Attention, all you avid Naomi Watts fans who think the Aussie actress was robbed, simply robbed of a well-deserved Oscar nomination.
Turns out the “King Kong” heroine will be attending the 78th annual Academy Awards show on March 5 after all. According to Academy Awards telecast producer Gil Cates, she will present an award, joining the ranks of Uma Thurman, Jennifer Aniston and Nicole Kidman. Not bad company.
Watts, whose films include “Mulholland Drive,” “The Ring” and “I Heart Huckabees,” got a best actress Oscar nod for her role in "21 Grams." She’ll next be seen in "The Painted Veil" based on a W. Somerset Maugham novel and costarring Edward Norton and her new beau Liev Schreiber.
But enough about upcoming moves. What will the beast’s beauty wear to the gosh-darn Oscars?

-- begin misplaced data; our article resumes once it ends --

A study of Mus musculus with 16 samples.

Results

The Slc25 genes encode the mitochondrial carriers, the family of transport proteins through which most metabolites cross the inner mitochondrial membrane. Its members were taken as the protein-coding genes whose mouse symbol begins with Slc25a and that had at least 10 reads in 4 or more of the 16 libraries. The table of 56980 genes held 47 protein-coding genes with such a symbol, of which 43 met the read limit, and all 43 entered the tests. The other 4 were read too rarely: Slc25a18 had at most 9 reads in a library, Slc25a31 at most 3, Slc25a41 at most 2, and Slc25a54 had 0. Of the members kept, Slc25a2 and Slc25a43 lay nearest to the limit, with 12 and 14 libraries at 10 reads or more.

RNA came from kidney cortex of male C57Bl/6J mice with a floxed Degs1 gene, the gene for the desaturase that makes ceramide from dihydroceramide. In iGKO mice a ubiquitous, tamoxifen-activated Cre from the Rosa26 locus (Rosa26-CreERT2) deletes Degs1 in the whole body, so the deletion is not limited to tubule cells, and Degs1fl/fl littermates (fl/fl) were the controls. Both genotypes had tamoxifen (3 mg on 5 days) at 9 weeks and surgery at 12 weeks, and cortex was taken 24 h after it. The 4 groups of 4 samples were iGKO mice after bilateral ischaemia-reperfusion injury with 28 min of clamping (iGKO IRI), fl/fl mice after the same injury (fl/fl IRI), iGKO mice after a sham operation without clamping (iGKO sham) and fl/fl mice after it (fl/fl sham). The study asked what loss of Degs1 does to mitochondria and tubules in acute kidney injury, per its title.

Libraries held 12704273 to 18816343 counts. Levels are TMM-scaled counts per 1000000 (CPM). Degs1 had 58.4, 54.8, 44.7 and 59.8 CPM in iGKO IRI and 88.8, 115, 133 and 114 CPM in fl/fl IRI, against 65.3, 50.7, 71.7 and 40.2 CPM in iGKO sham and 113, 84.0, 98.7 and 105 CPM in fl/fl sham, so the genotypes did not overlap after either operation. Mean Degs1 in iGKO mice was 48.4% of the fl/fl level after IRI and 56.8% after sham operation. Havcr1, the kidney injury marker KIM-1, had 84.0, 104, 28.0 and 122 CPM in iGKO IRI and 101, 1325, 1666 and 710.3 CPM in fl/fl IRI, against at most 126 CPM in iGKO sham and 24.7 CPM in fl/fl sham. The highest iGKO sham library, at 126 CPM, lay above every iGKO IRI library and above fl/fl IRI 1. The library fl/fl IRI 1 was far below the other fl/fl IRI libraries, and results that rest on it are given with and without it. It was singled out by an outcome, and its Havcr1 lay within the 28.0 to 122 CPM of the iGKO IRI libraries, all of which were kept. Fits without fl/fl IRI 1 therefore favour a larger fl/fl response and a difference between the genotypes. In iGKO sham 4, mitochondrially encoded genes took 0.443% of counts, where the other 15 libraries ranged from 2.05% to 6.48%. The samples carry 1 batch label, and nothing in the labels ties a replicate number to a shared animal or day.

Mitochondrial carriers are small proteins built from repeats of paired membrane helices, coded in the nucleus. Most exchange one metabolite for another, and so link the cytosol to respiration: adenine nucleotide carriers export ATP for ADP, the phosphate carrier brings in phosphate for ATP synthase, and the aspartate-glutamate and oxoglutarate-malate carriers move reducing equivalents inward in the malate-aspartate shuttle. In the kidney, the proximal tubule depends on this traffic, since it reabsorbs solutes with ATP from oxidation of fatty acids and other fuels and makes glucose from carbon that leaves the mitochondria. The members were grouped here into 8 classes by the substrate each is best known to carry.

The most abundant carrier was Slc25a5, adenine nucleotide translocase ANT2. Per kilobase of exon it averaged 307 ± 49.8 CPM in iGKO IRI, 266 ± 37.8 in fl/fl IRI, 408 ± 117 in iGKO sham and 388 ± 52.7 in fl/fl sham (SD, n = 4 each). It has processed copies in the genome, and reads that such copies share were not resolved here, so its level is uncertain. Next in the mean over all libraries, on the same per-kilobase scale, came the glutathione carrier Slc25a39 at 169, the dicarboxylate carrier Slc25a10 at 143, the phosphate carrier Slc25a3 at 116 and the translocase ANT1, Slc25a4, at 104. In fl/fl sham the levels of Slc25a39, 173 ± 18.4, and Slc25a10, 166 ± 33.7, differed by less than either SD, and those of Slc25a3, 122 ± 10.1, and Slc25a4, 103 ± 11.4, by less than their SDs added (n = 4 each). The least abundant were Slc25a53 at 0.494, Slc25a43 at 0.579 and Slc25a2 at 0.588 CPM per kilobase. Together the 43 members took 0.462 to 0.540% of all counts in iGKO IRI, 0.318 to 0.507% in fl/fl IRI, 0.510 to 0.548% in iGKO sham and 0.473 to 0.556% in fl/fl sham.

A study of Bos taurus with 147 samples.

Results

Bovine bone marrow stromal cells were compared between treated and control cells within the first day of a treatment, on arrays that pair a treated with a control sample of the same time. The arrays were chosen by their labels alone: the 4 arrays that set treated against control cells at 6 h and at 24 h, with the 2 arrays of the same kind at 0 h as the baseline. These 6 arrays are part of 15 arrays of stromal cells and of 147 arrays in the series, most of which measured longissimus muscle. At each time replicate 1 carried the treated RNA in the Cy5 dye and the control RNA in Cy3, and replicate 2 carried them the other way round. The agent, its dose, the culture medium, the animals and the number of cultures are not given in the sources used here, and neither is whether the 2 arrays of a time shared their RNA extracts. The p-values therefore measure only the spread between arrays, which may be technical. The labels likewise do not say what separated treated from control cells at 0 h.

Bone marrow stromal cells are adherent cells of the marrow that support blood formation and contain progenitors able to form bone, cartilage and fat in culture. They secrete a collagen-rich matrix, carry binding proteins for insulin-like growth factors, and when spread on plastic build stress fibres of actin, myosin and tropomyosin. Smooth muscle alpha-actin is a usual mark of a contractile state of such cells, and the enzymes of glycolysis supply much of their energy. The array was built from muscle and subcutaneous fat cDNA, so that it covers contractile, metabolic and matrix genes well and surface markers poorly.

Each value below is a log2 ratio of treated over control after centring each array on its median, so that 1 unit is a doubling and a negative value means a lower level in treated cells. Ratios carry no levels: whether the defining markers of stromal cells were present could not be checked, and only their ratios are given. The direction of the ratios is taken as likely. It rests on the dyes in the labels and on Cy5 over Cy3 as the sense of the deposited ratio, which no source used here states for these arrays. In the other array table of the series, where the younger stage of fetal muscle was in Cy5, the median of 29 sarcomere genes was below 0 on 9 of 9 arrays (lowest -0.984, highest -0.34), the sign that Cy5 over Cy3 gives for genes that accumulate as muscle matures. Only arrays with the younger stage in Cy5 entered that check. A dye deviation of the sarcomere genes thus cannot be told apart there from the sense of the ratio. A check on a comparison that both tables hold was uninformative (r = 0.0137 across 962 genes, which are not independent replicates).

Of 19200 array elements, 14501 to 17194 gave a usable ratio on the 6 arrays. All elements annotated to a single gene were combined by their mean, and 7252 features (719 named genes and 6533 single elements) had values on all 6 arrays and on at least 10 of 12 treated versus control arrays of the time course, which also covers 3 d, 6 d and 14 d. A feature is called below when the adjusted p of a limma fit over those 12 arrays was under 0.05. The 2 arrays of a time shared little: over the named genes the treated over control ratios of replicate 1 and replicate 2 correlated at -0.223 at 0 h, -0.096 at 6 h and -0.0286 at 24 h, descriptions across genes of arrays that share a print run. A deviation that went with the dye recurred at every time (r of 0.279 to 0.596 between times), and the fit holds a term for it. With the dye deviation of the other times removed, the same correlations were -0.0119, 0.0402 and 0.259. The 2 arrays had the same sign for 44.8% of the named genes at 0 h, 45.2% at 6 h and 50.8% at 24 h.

Photo: Naomi Watts looks like a real Hollywood classic in a Rochas ’30s-inspired silk frock at the New York "King Kong" premiere. But what will her Oscar outfit be?
(Jamie McCarthy / WireImage)
Here’s her designer track record.
]]>The world fashion tour “Kong” promotion included an edgy Jean Paul Gaultier gown at the Tokyo premiere. But Watts went ultra-elegant in Rochas, wearing ’30s-style fashion flashbacks at the Paris and New York premieres.
At past Oscars, Naomi’s definitely shown some skin. Her first Oscar carpet stroll in 2002 was in a sultry bondage-inspired black lace-up bodice gown by Tom Ford for Gucci. In 2004, she went all classic with upswept hair and a glittery gold strapless Versace couture gown.
Will Watts fly fellow Aussie designer Collette Dinnigan‘s flag this year? Will she go classic with Christian Dior or maybe Chanel?
How about Marchesa, which has a slinky retro feel and would win casting points with movie mogul Harvey Weinstein, since his girlfriend designs the line. Or perhaps Naomi will fall for something fashion headline-grabbing, like Roberto Cavalli.
Our chips are on a vintage-inspired Rochas, reminiscent of her “King Kong” period wardrobe, guaranteed to soothe her Oscar-disappointed fans and the savage-breasted style critics.